Keeping Kids Safe On Family Vacation

6/26/2017

Family vacations are times for bonding, laughter, and memories. But sometimes the unexpected happens, and being prepared is the first step to take to prevent someone getting lost or injured. In places like Orlando where the main attractions are crowded beaches and amusement parks, it is important to have a conversation about how to keep the kiddos safe while on vacation.

Here Are Six Steps To Take To Keep Kids Safe On Vacation:

  1. Have A Game Plan If Someone Gets Separated: Whether your gameplan is “stay where you are” or “find an employee” or “meet in front of Cinderella’s Castle,” make sure the kids know exactly what to do if they get separated. For younger kids, a “stay where you are” policy might be best. For older kids, finding a trusted adult in a uniform or meeting at a tall landmark visible from any part of the park might be more helpful, since it sometimes takes longer to realize an older child is missing than a toddler or young child.

  2. Make It Easy For Other Adults To Help: Sometimes young children don’t know how to ask for help – though this is something you should practice. Many children don’t even know their parents’ first names, making it hard for employees to page them. Consider writing your cell-phone number in permanent marker on your child’s arm, or giving them a hidden belt-pack to wear with your contact information in it – including any other important information such as allergies or medical conditions. The National Center For Missing and Exploited Children recommends not having children wear clothes with their first names on them, since a worried child will be more willing to trust an adult who calls them by their name.

  3. Practice Stranger Danger: If you’re heading to Disney World, there has thankfully been no reports of child abduction from the park, but that doesn’t mean that a trip to Florida won’t be surrounded with strangers. However, teaching kids to tell the difference between nice strangers and bad strangers is also important, considering that most strangers are nice and willing to help a lost child safely return to their family. The National Crime Prevention Council recommends pointing out examples of safe strangers to children. Very young children might be best at recognizing moms and dads with children in tow, whereas older kids can look for uniforms and badges that identify employees or law enforcement.

  4. Teach Kids To Recognize Dangerous Situations: Even though we like our children to feel included, they should know what things adults should NOT be asking of them. For example, adults asking children for directions, if they want a ride anywhere, or help finding a dog is not normal behavior for nice strangers, even though they might seem friendly. Teach your kids a “No, Go, Yell, Tell” system, where they tell a stranger ‘no,’ yell for help, run away, and tell an adult if an incident happens.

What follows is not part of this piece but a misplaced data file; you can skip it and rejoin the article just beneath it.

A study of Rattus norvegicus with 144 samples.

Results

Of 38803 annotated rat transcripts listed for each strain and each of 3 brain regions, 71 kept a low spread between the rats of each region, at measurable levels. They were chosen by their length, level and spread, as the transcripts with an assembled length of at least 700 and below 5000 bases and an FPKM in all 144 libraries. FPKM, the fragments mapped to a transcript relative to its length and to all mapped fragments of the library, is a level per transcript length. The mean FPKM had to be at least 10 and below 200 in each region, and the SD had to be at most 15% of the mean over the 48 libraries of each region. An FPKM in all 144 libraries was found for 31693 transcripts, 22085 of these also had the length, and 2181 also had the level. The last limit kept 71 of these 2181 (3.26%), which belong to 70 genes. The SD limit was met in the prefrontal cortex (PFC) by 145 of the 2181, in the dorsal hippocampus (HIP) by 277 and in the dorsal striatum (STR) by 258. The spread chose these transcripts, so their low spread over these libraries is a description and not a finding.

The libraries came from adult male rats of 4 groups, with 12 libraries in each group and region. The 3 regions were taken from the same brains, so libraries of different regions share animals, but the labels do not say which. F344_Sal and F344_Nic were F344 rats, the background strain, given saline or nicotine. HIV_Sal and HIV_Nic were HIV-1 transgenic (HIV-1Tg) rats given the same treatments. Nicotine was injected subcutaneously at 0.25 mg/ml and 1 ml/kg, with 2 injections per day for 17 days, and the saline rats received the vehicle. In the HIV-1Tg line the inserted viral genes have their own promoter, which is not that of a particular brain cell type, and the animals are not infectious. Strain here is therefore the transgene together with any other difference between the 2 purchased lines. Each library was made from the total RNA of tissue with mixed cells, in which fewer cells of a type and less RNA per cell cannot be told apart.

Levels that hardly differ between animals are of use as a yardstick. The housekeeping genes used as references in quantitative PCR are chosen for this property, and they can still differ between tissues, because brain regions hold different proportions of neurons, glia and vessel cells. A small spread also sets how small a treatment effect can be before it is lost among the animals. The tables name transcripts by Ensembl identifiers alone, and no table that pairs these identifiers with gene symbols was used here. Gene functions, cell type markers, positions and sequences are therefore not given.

5. Take A New Photo Every Day: Before you leave your Florida Vacation Pool Home, take a picture of your child on your phone or digital camera. If your kid should get lost in a public place, having a recent photo with the day’s outfit will help law enforcement search for them in a crowd.

  6. Practice Beach Safety: Our amazing beaches are what draw many vacationers to Florida, but they can also be dangerous. Before you head out on vacation, make sure all of your kids have had proper swim lessons – even infants as young as six months are eligible for swim lessons. Since our beaches can be crowded, especially during the summer, bring a brightly-colored umbrella or flag to set up that the kids can easily see to find their way back to the towels. Try and find a spot in front of a lifeguard tower. This gives you easy access to help if your child needs medical attention, and also works as another landmark so kids can easily find their way back. Also, make sure to remind kids to look at the numbers on the lifeguard towers, so they know if they are at the right one. And lastly, always be in arm’s reach of young children, and be able to visually see older children in the water. It only takes a second for a child to be pulled under the water by a riptide, so ensuring that you know where they are and being able to grab quickly them is vital to their safety.

We want you to enjoy your time in your Vacation Pool Home, and establishing a safety plan before you set out on your adventures is key to a relaxing and safe family getaway. And if anything should happen, we have a caring staff available 24/7 to help you find nearby urgent cares, hospitals, resources, or whatever else you need to have the best vacation ever. Contact us today to learn more!